CHARLESTON, W.Va. - Thousands of photos of Kanawha Valley residents have been found in a building purchased by the Charleston Urban Renewal Authority, and officials want to connect as many of them to their subjects as possible.
But to do so, they'll need the public's help.
Last fall, the authority purchased the building at 1601 Washington St. E. on Charleston's East End with the intent to renovate the building and return it to a mixed-use purpose.
Though listed as 1601 Washington St. E., it technically has odd-numbered addresses from 1601 through 1607 1/2.
The two-story building is split into several storefronts and had a number of uses over its life, including bars, apartments and a Subway restaurant.
But there was also a photography business - Lindsay's Studio - that produced images of hundreds of people and specialized in portraits of children.
Located on the second floor of the building, Lindsay's Studio was run by Lindsay Hignite, a self-taught photographer who was originally from Winchester, Ky.
One of his adopted daughters, Tenna Sullivan of St. Albans, said Hignite was dedicated to his business and his customers.
"That was his life," Sullivan said. "He really loved it."
After Hignite died in 2000, the studio was never re-opened, and the photos that remained were left inside, only to be discovered a few months ago by officials with the authority.
Evidence of vandalism in the building is apparent, but most of the photos remain untouched. Many are strewn throughout the former studio, which doubled as an apartment for Hignite and his family.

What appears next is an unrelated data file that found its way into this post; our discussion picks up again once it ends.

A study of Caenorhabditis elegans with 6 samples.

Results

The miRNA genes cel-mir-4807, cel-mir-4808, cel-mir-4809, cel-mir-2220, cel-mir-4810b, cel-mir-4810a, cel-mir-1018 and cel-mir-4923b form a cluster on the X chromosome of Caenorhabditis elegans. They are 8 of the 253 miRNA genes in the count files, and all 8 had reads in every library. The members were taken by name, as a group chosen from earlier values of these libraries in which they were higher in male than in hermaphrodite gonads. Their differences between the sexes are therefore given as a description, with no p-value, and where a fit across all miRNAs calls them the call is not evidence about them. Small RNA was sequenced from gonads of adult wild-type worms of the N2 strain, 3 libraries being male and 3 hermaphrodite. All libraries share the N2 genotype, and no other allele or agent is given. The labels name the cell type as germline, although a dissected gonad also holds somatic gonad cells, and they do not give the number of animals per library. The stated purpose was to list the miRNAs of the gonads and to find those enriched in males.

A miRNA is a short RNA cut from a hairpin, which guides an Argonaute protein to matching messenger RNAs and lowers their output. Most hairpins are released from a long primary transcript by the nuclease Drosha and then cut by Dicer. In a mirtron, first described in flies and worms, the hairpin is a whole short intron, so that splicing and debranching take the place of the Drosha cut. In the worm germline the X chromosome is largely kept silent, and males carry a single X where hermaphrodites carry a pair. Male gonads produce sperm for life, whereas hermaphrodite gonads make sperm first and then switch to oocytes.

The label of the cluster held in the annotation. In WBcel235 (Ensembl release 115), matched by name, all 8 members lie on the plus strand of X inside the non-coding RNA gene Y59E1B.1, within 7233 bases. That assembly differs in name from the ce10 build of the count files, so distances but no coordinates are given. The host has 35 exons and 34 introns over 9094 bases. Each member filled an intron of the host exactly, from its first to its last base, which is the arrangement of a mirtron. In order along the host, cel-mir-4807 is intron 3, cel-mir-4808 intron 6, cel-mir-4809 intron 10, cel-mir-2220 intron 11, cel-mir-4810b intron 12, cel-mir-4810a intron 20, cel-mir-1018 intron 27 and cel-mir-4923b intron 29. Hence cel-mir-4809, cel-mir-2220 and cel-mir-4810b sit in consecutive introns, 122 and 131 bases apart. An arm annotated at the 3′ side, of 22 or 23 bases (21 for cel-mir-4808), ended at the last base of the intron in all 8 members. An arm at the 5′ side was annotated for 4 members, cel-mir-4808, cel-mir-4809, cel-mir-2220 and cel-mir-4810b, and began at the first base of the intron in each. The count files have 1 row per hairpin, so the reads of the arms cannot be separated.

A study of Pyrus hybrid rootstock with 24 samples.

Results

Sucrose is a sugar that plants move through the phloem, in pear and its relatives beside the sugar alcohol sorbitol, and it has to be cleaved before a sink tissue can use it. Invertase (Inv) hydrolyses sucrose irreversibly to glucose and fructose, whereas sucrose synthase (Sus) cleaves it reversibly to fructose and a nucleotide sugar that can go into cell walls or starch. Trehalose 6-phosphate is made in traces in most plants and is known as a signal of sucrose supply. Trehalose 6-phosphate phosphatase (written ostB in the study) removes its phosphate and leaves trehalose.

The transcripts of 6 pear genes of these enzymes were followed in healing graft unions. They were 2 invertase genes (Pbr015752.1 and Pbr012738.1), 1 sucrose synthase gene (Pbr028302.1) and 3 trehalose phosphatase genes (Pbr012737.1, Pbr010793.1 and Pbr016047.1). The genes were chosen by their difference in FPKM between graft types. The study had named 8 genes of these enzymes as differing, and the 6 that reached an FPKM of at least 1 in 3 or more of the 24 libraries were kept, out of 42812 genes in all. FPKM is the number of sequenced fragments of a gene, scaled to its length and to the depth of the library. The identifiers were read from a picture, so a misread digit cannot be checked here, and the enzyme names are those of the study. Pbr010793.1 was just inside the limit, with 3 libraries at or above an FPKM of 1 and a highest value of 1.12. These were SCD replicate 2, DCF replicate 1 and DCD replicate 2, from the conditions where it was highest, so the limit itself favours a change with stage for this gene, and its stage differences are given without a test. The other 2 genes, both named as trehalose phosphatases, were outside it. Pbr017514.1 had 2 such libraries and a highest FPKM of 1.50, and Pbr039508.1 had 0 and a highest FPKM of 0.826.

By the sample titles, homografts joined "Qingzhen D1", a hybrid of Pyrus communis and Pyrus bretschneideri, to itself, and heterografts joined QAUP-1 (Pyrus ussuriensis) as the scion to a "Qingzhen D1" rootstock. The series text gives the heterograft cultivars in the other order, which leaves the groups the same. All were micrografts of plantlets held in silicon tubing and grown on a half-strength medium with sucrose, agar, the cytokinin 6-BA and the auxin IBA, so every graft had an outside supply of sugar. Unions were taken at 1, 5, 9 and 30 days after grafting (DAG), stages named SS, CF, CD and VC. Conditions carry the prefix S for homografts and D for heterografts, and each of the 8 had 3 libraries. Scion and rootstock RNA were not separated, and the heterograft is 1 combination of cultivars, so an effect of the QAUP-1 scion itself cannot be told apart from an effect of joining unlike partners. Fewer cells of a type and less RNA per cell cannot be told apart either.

The studio's neon-outlined projecting sign, which once hung on the building's exterior, is sitting in a hallway. Portions of a backdrop remain in the apartment's front room.
The photos span several decades, ranging from black-and-white family portraits of men wearing browline or horn-rimmed glasses to women with 1980s-era teased hair and portraits of children and teenagers sporting fashions popular in the early and mid-1990s.
"It'd be a shame to get rid of these," Urban Renewal Authority Director Jim Edwards said on a tour of the building Monday morning. "We want to try and save them."
On one of the earlier tours of the building, East End Main Street Director Ric Cavender said he found a portrait of himself in one of the stacks of 8-by-10 prints lying on a table in an old living room.
Cavender said he was 2 or 3 years old in the photo, meaning the image was taken in 1985 or 1986.
Only a handful of the images have any sort of name attached to them. One box is full of letter-sized envelopes marked with the name of the subject, which should make connecting those photos with their subjects fairly simple.